The BBC is planning to release an international version of its iPlayer App for iPad.
The TV catch-up service - which is free for UK residents (or at least those with a UK IP address) whether or not they have coughed up the £142.50 annual licence fee - will soon be available all over the world. But access to the world's favourite television network will come at a cost.
The corporation's director general Mark Thompson told attendees at the FT Digital Media & Broadcasting conference in London today that iPlayer would be available on Apple's tablet device "definitely this year", and for "a small number of dollars per month, definitely fewer than 10."
Thompson said that the BBC was currently exploring international pricing models that would allow programming to be sold directly to consumers, although we're assuming that even the BBC will have to pay Apple 30 per cent of any dosh it generates through iTunes sales.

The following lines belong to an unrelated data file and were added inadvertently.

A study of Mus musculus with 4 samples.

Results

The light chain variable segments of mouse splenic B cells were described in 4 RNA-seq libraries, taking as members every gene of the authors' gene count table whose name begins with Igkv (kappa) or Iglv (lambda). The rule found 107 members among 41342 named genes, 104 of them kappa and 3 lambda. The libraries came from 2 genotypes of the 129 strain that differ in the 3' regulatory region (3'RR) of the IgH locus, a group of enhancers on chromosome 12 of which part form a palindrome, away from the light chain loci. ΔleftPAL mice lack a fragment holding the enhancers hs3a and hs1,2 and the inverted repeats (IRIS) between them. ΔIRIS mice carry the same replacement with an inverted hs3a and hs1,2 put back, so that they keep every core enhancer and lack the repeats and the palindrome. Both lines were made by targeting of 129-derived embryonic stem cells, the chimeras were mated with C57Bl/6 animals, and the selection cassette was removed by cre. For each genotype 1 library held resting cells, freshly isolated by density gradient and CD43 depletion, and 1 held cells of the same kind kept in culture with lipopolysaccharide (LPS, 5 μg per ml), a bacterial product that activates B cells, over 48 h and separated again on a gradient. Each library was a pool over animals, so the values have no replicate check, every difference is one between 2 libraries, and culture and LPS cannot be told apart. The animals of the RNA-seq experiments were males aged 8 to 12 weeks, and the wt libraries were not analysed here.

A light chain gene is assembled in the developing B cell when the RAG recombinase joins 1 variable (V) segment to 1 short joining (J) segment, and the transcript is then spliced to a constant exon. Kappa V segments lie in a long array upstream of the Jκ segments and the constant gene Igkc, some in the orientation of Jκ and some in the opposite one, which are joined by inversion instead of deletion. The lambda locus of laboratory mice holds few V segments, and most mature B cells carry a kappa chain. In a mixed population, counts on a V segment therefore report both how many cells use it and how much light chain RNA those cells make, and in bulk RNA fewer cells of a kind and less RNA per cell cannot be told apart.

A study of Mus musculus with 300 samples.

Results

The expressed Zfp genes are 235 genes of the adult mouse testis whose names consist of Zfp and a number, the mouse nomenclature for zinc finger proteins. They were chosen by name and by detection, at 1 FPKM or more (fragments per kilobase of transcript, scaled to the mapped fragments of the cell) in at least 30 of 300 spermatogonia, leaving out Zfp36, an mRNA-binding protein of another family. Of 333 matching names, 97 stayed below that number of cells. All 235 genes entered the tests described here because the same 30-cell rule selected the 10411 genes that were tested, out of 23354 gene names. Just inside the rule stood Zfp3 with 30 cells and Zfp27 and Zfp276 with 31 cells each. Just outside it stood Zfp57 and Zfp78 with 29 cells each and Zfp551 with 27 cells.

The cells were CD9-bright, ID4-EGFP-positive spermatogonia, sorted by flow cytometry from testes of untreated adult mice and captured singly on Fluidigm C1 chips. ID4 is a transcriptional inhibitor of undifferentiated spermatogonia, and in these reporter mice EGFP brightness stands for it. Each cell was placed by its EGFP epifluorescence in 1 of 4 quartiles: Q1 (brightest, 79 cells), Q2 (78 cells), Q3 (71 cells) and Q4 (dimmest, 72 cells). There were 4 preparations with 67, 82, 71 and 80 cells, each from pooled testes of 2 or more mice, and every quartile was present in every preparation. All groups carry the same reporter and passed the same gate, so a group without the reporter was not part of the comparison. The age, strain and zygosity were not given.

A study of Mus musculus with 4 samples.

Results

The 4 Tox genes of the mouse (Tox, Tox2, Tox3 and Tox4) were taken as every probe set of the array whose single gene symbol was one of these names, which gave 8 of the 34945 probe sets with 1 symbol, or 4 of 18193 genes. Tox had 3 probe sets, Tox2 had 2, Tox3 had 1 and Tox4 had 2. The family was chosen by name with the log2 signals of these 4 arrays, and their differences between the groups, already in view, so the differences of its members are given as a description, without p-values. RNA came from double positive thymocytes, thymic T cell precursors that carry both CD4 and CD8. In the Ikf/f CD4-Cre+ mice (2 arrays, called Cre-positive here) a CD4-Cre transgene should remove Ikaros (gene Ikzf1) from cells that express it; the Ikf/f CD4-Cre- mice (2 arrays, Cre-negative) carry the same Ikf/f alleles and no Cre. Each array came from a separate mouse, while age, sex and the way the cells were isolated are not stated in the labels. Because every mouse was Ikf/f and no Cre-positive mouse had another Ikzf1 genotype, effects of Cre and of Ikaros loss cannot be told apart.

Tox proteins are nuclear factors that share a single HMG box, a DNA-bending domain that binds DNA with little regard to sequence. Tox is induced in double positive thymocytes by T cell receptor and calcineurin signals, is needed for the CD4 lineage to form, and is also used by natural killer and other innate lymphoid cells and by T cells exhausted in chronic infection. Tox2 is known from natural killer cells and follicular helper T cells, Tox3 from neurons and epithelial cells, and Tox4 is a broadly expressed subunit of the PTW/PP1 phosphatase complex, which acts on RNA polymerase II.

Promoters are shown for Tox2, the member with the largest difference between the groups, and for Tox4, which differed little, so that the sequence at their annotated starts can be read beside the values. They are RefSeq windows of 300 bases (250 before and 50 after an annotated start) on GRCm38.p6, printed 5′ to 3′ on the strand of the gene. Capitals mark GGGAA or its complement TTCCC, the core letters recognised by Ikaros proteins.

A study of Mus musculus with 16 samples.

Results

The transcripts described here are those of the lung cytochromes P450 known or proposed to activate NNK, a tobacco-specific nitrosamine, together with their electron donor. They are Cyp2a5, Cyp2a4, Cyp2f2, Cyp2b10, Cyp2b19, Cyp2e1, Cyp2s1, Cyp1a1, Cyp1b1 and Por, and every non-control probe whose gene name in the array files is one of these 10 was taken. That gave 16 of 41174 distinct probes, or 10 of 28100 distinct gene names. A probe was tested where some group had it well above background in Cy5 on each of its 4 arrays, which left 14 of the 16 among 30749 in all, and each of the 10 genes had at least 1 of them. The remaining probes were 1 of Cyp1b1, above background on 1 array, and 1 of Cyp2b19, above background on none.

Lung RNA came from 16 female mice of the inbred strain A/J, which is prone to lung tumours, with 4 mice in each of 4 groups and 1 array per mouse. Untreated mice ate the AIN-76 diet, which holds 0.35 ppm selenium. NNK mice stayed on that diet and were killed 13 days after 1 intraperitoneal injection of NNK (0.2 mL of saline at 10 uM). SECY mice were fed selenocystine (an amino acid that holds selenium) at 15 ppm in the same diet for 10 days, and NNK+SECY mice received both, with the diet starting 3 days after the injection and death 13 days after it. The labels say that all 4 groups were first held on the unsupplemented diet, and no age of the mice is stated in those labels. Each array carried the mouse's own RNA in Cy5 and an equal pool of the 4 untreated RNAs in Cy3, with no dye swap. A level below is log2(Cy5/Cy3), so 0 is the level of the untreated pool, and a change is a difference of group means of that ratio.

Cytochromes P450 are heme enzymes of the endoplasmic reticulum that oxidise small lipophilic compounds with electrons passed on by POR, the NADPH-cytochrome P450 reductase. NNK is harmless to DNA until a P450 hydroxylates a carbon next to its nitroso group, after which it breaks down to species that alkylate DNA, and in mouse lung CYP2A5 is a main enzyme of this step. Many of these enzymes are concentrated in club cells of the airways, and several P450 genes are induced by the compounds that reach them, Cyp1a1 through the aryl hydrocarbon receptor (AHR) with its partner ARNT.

And it's not just the iPad that's getting in on the action. The Beeb is also eyeing other mobile devices for inclusion in the iPlayer family.
"I believe that there’s a strong case for the UK’s broadcasters, mobile phone operators, Ofcom and government to come together to develop a roadmap for the introduction of mobile TV in this country,” Thompson added.
"This would be complementary to the availability of TV content on demand, whether streamed or cached on the device and would enable the public to access time-critical content – news, major sports events and so on – wherever they are."
The BBC iPlayer offers access to some live broadcasts, a week's worth of 'catch-up' TV over its various channels, and a bulging archive of historical classics and oddities.
It seems like a smart move to us as, whenever we mention anything which can be watched on iPlayer we get a barrage of comments from non-UK readers complaining that they are being left out in the cold (or the warm if they come from sunnier climes).